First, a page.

These results show that women who have had postpartum depression in the past should prepare themselves if they get pregnant again, said lead researcher Marie-Louise Rasmussen, an epidemiologist with Statens Serum Institut in Copenhagen.
"In theory, psychotherapy is preferred but not always sufficient and not always available. Often, the general practitioner has to add antidepressant medication," Rasmussen said. "Social support from the spouse and surroundings is also very important."
In most cases, women can expect to shake off their postpartum depression within a year, the researchers found.
"Based on this data, we would think for most women who receive treatment, their depression should be treated and resolved in six months or less," said Dr. James Murrough. He's director of the mood and anxiety disorders program at the Icahn School of Medicine at Mount Sinai in New York City.
Postpartum depression generally takes hold of a new mother within days of delivery, although sometimes depression develops during pregnancy, according to the U.S. National Institute of Mental Health.
Brain chemistry changes caused by post-delivery hormone fluctuations are a contributing cause of postpartum depression, along with the sleep deprivation experienced by most new parents, NIMH says.
Signs of postpartum depression can include feelings of sadness and hopelessness, frequent crying, anxiety or moodiness, changes in sleeping or eating patterns, difficulty with concentration, anger or rage, and loss of interest in activities that are usually enjoyable, according to the mental health institute.
A new mother with postpartum depression also might withdraw from friends or family and have difficulty forming an emotional attachment to her baby.
Rasmussen and her colleagues undertook this study to provide women facing pregnancy with better estimates of their overall risk of postpartum depression.
"Postpartum depression is a disease depriving families of a time period that should be filled with affinity, love and bonding," Rasmussen said. "Especially for women with no prior experience with psychiatric disease, this must come as a bolt out of the blue."
The researchers analyzed data from Danish national registries on more than 457,000 women who delivered their first child between 1996 and 2013 and had no prior medical history of depression.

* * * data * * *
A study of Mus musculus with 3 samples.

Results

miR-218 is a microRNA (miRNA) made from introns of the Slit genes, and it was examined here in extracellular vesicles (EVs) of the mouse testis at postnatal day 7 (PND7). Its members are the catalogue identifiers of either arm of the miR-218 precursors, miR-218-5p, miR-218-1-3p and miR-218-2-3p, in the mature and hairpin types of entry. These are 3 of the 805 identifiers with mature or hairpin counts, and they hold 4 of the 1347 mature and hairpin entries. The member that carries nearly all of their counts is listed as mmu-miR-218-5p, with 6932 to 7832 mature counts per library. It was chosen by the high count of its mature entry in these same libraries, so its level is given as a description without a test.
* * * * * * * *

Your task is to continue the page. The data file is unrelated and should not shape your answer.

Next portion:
They reviewed medical records for signs of postpartum depression -- specifically whether these women filled an antidepressant prescription or sought treatment for depression within six months after giving birth.
About 1 in every 200 women experienced postpartum depression, the researchers found.
But within a year of seeking care, only 28 percent of these women were still being treated for depression, the results showed. And four years later, that number was 5 percent.
The risk of postpartum depression in subsequent births was 15 percent for women who took antidepressants following their first birth and 21 percent for women who sought depression treatment at a hospital. That amounts to a 27 and 46 times higher risk than for women who didn't experience depression during their first pregnancy, the researchers said.
"The episodes were characterized by a relatively short treatment duration, yet a notably higher rate of later depression and recurrent episodes of postpartum depression," Rasmussen said.
The higher risk for women who've already experienced postpartum depression "suggests that there's some underlying vulnerability to develop depression in these particular individuals," Murrough said. "Basically, it's not random. If you had it before, you could have it again."
Murrough and Rasmussen urged pregnant women to discuss the risk of postpartum depression with their doctor, particularly if they suffered it before.
"It's not clear that's discussed often in standard practice, amazingly," Murrough said.
The new study was published Sept. 26 in the journal PLOS Medicine.